Evolutionary Criminology

Evolutionary Criminology : Towards a Comprehensive Explanation of Crime


This book is divided into three parts. Part I reviews evolutionary biology concepts important for understanding human behavior, including crime. Part II focuses on theoretical approaches to explaining crime, including the evolution of cooperation, and the evolutionary history and function of violent crime, drug use, property offending, and white collar crime. The developmental origins of criminal behavior are described to account for the increase in offending during adolescence and early adulthood as well as to explain why some offenders are more likely to desist than others. Proximal causes of crime are examined, as well as cultural and structural processes influencing crime. Part III considers human motivation to punish norm violators and what this means for the development of a criminal justice system. This section also considers how an evolutionary approach contributes to our understanding of crime prevention and reduction. The section closes with an evolutionary approach to understanding offender rehabilitation and reintegration.

  • Hardback | 348 pages
  • 152 x 229 x 20.32mm | 730g
  • Academic Press Inc
  • San Diego, United States
  • English
  • black & white illustrations
  • 0123979374
  • 9780123979377
  • 1,268,309

Table of contents

1. Criminology and Evolutionary Theory

Part 1: The Evolutionary Framework

2. Evolutionary Theory and Human Evolution

3. Evolutionary Behavioral Science

4. Levels of Analysis and Explanations in Criminology

Part 2: Explaining Crime

5. The Evolution of Altruism, Cooperation, and Punishment

6. Distal Explanations: Adaptations and Phylogeny

7. Development

8. Proximate Explanations: Individuals, Situations, and Social Processes

9. Social Structural and Cultural Explanations

Part 3: Responding to Crime

10.Punishment, Public Policy, and Prevention

11.The Rehabilitation and Reintegration of Offenders

12.Looking Forward from the Perspective of the Past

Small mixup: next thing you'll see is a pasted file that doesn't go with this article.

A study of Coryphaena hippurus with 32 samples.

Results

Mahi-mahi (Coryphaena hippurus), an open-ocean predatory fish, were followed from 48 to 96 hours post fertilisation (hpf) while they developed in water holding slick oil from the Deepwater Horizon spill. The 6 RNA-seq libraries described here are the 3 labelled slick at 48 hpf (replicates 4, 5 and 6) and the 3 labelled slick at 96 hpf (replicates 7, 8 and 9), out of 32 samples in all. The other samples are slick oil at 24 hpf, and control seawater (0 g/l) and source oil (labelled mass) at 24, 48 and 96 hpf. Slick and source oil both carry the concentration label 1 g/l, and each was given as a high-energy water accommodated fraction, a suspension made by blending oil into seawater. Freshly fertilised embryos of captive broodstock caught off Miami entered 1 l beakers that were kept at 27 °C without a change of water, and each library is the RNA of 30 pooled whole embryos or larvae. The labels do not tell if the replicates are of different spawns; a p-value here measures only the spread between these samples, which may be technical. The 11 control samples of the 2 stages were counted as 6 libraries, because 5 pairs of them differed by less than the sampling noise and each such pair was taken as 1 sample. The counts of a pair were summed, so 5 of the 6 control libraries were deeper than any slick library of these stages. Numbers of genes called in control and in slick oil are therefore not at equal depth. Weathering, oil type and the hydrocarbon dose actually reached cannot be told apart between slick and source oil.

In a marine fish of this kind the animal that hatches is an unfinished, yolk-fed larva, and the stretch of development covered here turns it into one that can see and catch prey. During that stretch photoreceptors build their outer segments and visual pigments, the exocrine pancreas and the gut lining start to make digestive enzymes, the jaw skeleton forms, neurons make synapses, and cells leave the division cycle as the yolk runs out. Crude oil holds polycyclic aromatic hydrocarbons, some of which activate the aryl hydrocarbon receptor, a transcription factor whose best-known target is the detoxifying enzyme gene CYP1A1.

"...a great job of summarizing the field of evolutionary psychology in a brief but detailed and accurate fashion, showing how it could be related to the study of crime." -- PsycCRITIQUES

"...a great job of summarizing the field of evolutionary psychology in a brief but detailed and accurate fashion, showing how it could be related to the study of crime." --PsycCRITIQUES

Russil Durrant, PhD, is a senior lecturer at the Institute of Criminology at Victoria University of Wellington, where he teaches courses in criminal and forensic psychology, and criminological research methods. His research interests include violent offending, the psychology of punishment, and the role of evolutionary explanations in criminology. He is author of Substance Abuse: Cultural and Historical Perspectives (Sage, 2003), and An Introduction to Criminal Psychology (Routledge, 2013). Tony Ward, PhD, DipClinPsyc, is currently professor in clinical psychology and director of clinical training at Victoria University of Wellington, New Zealand. He has taught clinical and forensic psychology at the universities of Melbourne, Canterbury, and Deakin and is a professorial fellow at the Universities of Birmingham, Kent, Melbourne, and Portsmouth. He has coauthored more than 370 academic publications, and his major research interests include desistance and reintegration processes in offenders, conceptualizations of risk and its management, cognition and evolutionary approaches to crime, and ethical issues in forensic and correctional psychology. He was given the Association for the Treatment of Sexual Abusers (ATSA) 2003 significant achievement award for his research into offence pathways. Professor Ward is the developer of the Good Lives Model and has published numerous books, book chapters, and academic articles on this model since 2002. His recent book, Desistance from sex offending: Alternatives to throwing away the keys (2011, Guilford Press- coauthored with Richard Laws), presents an integration of the GLM with desistance theory and research. He is currently working on a book length project on evolution, agency, and sexual offending.